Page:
John McAfee
John McAfee
John McAfee is one of the most influential commentators on cybersecurity anywhere in the world. His new venture — Future Tense Central — focuses on security and personal privacy-related products. McAfee provides regular insight on global hacking scandals and internet surveillance, and has become a hugely controversial figure following his time in Belize, where he claims to have exposed corruption at the highest level before fleeing the country amid accusations of murder (the Belize government is currently not pursuing any accusations against him).

Ever since my good friend and Chief Campaign Technology Advisor, Chris Roberts, brought the world’s attention to the fact that hackers can control commercial airliners through an airplane’s entertainment system, I have been in great demand among commercial airline manufacturers and airlines.

The first thing I tell such clients is that a hacker does not need to be physically on the airplane in order take over control. Anyone, anywhere in the world can hijack a commercial airliner if they have a laptop, or even a smartphone, and access to the Internet.

You may think that such a statement is far-fetched. But is it really? Hackers already proved that they could hack into a Jeep over the Internet and take full control away from the driver — demonstrating this by driving one into a ditch. Controlling an airliner is little more complex than controlling an automobile, and simpler in some respects, in fact. Downing an aircraft can easily be done by placing the airliner in a stall situation. Too steep of a climb or an insufficient airspeed is all that is necessary — it’s something every pilot fears (I have a private pilot’s license, and a stall, especially at low altitude, is the last thing in the world I would want to have to deal with).

“Our commercial aircraft could be downed over the Internet by a hacker sitting comfortably in his living room.”

No talented hacker could deny that our commercial aircraft could be downed over the Internet by a hacker sitting comfortably in his living room halfway around the world. This, is unfortunately, an absolute truth. It is the reason that I am so adamantly opposed to the existence of the TSA in its current form.

The next airline hijacking will not be caused by someone physically on an airplane, risking their own life. No, it will be done by some kid in Asia bored with Grand Theft Auto and looking for something else exciting to do. We are skating on thin ice as a country. All of our defenses are focused on a direction from which no attack will ever come again. The attack will be a digital attack, and we have zero defenses against it. Looking in people’s luggage for box cutters, knives, and guns, while armed Federal agents accompany most flights, is nearly idiotic in light of what a single smartphone can do in the wrong hands.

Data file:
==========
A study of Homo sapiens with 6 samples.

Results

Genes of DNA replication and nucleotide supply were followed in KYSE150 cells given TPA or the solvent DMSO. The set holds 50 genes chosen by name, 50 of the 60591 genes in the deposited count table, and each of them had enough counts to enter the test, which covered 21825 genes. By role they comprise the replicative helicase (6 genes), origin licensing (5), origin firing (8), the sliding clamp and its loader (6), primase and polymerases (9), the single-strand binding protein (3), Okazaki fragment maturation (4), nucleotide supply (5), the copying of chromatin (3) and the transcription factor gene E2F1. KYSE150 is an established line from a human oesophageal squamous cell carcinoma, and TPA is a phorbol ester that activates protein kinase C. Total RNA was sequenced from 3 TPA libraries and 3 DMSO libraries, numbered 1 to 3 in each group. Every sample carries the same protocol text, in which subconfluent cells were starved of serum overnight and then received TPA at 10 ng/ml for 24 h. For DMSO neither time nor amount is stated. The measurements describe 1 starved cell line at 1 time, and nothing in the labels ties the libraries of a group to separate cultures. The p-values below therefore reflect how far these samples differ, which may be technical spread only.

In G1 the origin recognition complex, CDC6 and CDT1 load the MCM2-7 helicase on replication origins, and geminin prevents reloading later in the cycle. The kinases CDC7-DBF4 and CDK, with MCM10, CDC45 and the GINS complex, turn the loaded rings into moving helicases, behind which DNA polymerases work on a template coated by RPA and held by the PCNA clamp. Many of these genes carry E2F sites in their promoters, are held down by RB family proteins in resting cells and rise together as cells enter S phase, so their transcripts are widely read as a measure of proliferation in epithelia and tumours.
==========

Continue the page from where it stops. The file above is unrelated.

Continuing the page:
We must smarten up, and we must do it immediately. U. S. industries have careened into the world of smart devices (yes, an airplane is a device) without any thought given to cyber-security. Even Brinks, one of the most prestigious safe manufacturers on the planet, made the same mistake that our commercial airline manufacturers made in the rush to market. And cyber-security was completely overlooked.

“We are skating on thin ice as a country.”

Brinks created the Smart Safe — the ultimate in safekeeping. A few weeks after introduction, a British cyber security company released a paper describing how anyone who can read and has just a smattering of programming experience could hack into the safe and take full control — in less than 30 seconds. Why? Because Brinks is a world class safe manufacturer but a neophyte cyber science practitioner.

Airline companies occupy the same realm. They know enough cyber science to electronically control an airplane, and control it well, but clearly they know nothing of the modern nuances of cyber-security.

The software on these airliners needs to be re-architected, from the bottom up, with cyber-security as the prime concern. Only then will we we have a hope of security. It will cost billions. But what’s the alternative?

The TSA, as an agency designed to keep dangerous devices from finding their way on board an airplane, has to change its focus entirely. No one is going to risk boarding a plane with a dangerous device when they could stay home and do far more damage over the Internet. While watching their favorite program on TV. And munching on a snack.

Next week I will burst an even larger bubble involving airline travel. I provided software to detect IMSI Catchers (Stingray-like devices), to hundreds of international travelers flying Aeroflot, Aurora, Air China, and Shanghai Airlines.  What they discovered will shock you.